Noted: Network of Tubes. Literally.

pin.pngFrom, 15 pneumatic message networks:

Ted Stevens was right, the Victorian Internet consisted, quite literally, of a ‘Network of Tubes’. Paris, London, Prague and Vienna had extensive networks of pneumatic tubes which delivered messages in capsules. In New York 5 million mail messages passed every day through an underground pneumatic system, and a network in Berlin delivered hot meals directly to people’s homes suggesting that kitchens would no longer be needed in the future. Today these systems can still be purchased where they are used in places like hospitals where samples are passed between departments.

USS Midway aircraft carrier pneumatic message system


New York Public Library Messaging System


Lamson pneumatic tube system


Main Control Panel for the Prague Pneumatic Post


If you have ever used one of these, as I have at an educational institution many years ago, you’ll never forget the immensely satisfying pneumatic plump sound when your payload is sucked up the tubes.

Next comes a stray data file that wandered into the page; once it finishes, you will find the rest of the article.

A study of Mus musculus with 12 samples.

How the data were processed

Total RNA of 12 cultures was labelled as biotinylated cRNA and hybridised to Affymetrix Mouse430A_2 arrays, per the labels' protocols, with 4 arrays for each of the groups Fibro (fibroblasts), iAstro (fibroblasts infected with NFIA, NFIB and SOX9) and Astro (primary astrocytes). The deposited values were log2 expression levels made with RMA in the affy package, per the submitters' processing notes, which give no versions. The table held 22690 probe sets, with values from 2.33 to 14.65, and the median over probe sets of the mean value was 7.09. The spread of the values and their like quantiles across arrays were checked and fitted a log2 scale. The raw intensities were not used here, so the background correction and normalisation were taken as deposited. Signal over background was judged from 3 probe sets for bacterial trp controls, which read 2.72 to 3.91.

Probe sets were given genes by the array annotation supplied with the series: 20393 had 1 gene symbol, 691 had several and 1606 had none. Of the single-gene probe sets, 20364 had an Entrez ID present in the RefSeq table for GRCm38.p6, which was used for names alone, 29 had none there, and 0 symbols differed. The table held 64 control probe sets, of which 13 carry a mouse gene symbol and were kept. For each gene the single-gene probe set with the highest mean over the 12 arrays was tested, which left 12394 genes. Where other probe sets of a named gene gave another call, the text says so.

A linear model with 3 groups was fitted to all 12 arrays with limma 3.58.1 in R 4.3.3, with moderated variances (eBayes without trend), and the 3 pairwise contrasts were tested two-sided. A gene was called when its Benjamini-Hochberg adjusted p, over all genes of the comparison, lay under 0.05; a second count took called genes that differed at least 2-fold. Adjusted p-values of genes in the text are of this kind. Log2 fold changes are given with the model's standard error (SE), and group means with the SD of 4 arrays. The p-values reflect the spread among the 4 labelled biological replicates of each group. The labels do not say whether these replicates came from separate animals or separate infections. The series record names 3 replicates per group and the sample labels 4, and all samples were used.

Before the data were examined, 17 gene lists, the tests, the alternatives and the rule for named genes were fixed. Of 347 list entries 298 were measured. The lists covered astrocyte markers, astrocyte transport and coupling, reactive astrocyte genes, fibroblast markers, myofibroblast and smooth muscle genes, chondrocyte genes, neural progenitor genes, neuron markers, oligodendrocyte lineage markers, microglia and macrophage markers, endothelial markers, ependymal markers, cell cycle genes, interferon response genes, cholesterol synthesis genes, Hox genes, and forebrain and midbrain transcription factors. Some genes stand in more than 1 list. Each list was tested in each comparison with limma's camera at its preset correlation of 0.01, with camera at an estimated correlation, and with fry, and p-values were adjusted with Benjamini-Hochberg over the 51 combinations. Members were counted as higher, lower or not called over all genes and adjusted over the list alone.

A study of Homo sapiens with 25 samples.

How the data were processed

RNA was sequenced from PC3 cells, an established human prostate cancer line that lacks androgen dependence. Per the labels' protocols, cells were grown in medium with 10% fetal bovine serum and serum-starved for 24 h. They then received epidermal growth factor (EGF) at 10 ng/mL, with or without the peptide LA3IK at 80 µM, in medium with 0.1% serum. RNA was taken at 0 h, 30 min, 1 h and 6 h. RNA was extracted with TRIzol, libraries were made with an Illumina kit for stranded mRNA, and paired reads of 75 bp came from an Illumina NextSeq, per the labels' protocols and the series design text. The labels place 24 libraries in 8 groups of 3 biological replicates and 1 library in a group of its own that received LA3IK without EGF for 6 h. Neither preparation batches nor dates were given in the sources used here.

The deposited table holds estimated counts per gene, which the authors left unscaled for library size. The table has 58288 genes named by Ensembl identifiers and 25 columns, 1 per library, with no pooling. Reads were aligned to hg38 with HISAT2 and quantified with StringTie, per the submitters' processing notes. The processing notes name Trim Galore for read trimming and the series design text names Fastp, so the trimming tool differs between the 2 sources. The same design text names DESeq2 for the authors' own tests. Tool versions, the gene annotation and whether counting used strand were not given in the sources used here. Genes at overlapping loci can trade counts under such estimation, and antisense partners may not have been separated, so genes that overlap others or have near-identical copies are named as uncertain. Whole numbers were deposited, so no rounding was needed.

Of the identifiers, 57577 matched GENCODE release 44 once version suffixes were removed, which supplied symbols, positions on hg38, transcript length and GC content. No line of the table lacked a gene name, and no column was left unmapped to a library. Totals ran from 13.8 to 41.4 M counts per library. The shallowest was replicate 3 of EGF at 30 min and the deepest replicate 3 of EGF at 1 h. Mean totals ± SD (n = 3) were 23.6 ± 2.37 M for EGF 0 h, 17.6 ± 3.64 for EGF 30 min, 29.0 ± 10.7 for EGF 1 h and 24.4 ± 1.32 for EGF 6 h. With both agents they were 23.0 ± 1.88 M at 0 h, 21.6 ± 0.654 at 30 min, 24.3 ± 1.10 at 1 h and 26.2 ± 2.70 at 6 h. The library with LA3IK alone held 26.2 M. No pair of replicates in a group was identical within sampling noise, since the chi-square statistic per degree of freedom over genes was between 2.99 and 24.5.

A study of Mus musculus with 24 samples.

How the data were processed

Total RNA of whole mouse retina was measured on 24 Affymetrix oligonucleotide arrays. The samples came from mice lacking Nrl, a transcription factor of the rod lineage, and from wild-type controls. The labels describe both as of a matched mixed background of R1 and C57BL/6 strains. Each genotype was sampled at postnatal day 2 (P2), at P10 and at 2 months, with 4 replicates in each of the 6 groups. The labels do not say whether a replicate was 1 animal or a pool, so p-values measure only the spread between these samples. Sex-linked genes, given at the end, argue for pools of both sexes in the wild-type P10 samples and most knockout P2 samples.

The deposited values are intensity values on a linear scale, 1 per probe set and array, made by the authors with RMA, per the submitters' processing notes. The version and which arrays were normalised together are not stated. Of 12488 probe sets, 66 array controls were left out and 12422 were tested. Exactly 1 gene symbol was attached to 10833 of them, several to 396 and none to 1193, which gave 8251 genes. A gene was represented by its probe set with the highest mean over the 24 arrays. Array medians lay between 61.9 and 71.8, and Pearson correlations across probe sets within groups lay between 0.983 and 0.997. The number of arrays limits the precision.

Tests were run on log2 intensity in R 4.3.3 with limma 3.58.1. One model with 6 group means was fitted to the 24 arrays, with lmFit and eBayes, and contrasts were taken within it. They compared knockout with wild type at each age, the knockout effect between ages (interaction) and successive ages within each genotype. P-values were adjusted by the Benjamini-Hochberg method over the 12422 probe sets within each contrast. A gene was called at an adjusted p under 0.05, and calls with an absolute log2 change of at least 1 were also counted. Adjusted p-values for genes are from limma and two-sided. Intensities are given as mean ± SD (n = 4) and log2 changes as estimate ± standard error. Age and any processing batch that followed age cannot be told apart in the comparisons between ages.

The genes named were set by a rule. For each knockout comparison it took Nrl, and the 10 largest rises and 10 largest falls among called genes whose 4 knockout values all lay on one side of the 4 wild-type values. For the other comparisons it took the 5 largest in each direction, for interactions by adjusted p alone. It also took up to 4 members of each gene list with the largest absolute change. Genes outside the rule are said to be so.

6 thoughts on “Noted: Network of Tubes. Literally.

  1. They should have replaced the Post System direct to the individual letterbox with this instead of paying all those salaries for decades to unreliable and potential sabotage by any orwellian bribed postmen by now. Add cams to the containers as well as GPS, and mail will never be sabotaged again.

  2. I would say that these totally sucked, but that’s the whole point, isn’t it?

    I was always amazed by pneumatic tubes. I understand that in Switzerland, they were everywhere. But we have moved on to the Internet. As they say, nature abhors a vacuum…

  3. Its not like these systems are so antiquated the no one sees them anymore – they are still used on a smaller scale at bank drive-ups all over the country. In fact there are a couple of television commercials showing these systems rendered as potential deadly weapons by people placing unintended objects in the tubes which subsequently become projectiles.